Clearly, we’ve seen a very long period of equity markets rising, and there’s a lot of uncertainty. There are a lot of events that can continue to unsettle the investors in the market and will drive equities on a day-to-day basis. But I think it’s important to look longer term than that and really think about the fundamentals of what we’re investing in.

In the near to medium term, any number of factors are going to impact equity markets, whether it’s macroeconomic factors, rate rises, inflation, the recovery from the pandemic or other news flow—for example, the issues we’ve heard about in China. But let’s be honest, we don’t always have an edge in calling those issues. There’s a debate about whether China is an investable market. We still fundamentally believe it is. But again, it’s about understanding the dynamics in individual sectors and individual companies to find opportunities to invest. And on the one hand, while we’re seeing a regulatory crackdown in a number of industries like technology and education, the regulatory imperative around climate is also creating a huge amount of opportunity, and that’s an area we’re actively researching and looking to invest in.

The fundamental research that we’re undertaking is really focused on trying to develop conviction around both return expectations and risks that are present in any company that we may invest in. We do that through building very detailed models of the companies to engage with the company management, as well as their competitors to really understand the ecosystem and environment that each of those companies is operating in. And a key component of building that conviction is a thorough analysis of the E,S, and the G issues for each company and the industries that we research. Investing around the climate issue is not just about understanding who’s impacted today, but to try and understand how does this evolve from here? Where there are companies that are innovating? Where are there companies that are providing the infrastructure to meet the climate commitments the various governments around the world have made? And then thinking through the some of the second- and third-order effects of how things change.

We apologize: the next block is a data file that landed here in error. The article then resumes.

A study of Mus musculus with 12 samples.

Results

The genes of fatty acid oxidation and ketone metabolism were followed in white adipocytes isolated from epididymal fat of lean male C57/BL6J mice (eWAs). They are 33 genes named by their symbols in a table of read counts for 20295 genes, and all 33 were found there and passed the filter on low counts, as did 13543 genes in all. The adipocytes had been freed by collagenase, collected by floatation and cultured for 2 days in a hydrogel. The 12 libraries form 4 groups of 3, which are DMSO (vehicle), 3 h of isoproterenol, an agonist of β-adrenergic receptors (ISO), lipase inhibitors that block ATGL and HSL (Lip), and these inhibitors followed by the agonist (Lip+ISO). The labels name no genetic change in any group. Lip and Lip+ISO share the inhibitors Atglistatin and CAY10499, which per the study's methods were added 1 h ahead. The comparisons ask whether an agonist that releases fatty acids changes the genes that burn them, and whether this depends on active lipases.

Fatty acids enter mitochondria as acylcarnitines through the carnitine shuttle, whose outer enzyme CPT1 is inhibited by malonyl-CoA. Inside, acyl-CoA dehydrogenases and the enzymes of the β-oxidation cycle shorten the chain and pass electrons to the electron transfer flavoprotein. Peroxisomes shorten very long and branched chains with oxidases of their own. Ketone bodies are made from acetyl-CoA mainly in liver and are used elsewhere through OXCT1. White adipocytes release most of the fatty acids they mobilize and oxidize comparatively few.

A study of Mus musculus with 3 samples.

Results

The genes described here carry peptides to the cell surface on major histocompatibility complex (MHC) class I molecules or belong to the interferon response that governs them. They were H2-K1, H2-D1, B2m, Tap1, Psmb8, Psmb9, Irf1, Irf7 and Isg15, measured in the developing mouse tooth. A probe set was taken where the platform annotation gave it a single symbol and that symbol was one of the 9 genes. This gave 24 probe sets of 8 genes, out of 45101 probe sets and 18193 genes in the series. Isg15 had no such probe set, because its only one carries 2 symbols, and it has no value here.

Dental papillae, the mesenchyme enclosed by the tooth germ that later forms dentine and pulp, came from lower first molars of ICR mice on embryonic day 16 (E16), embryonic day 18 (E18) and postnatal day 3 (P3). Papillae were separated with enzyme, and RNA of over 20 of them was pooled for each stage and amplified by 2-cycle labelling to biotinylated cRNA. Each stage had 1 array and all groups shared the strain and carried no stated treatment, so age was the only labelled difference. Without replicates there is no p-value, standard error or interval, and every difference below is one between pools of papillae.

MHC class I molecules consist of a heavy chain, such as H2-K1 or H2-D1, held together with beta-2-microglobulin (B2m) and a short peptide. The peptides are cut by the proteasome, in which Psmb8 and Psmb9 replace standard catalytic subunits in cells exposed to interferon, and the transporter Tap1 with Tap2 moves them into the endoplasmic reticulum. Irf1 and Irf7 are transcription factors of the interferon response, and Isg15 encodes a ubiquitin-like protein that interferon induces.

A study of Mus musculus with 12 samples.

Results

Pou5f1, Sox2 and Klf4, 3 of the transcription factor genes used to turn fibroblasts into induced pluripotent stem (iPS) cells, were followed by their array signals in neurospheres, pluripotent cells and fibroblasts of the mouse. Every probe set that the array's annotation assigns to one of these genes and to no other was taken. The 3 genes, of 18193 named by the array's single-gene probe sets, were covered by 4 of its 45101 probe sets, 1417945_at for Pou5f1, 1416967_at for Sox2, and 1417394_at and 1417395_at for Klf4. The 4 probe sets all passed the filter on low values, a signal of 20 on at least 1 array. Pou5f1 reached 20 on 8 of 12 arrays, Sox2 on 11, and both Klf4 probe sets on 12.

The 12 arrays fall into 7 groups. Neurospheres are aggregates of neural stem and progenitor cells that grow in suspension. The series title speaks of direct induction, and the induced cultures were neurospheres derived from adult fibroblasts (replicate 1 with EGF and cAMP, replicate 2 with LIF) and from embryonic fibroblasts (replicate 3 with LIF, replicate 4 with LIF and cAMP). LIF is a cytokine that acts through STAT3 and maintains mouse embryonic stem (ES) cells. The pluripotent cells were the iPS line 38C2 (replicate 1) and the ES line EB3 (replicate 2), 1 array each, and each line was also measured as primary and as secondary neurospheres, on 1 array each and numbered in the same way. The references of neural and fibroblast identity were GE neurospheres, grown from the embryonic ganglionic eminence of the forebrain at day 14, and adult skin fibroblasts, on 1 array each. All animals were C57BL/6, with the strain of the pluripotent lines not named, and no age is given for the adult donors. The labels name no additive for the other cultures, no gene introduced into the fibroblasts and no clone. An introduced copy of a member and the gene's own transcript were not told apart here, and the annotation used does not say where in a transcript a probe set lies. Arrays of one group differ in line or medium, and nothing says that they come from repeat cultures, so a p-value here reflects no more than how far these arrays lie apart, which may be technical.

Of course, inflation is a top-of-mind issue for many investors, but again, is that a topic that we’re likely to have much of an edge in calling? What’s more important is to understand the impact of different inflationary scenarios on the individual companies that we invest in. So it’s really digging in and trying to understand where is their pricing power, which companies will be able to pass on inflation and maintain their margins, and where will you see pricing pressure margins contracting? And it’s really that level of analysis that we have an edge in being able to do and can construct better portfolios as a result. I think for any particular macroeconomic issue, as you look across the universe of stocks you can invest in, the sensitivity to those issues is going to vary across that universe. And the trick is to construct a portfolio that is not going to be overly influenced by any one individual macroeconomic factor. The trick, though, is then to think about what beyond those macro factors drives the underlying performance of the stocks, and that’s really where we believe we can have an edge.

Chris Hogbin is Head of Equities at AllianceBernstein (AB).

The views expressed herein do not constitute research, investment advice or trade recommendations and do not necessarily represent the views of all AB portfolio-management teams and are subject to revision over time.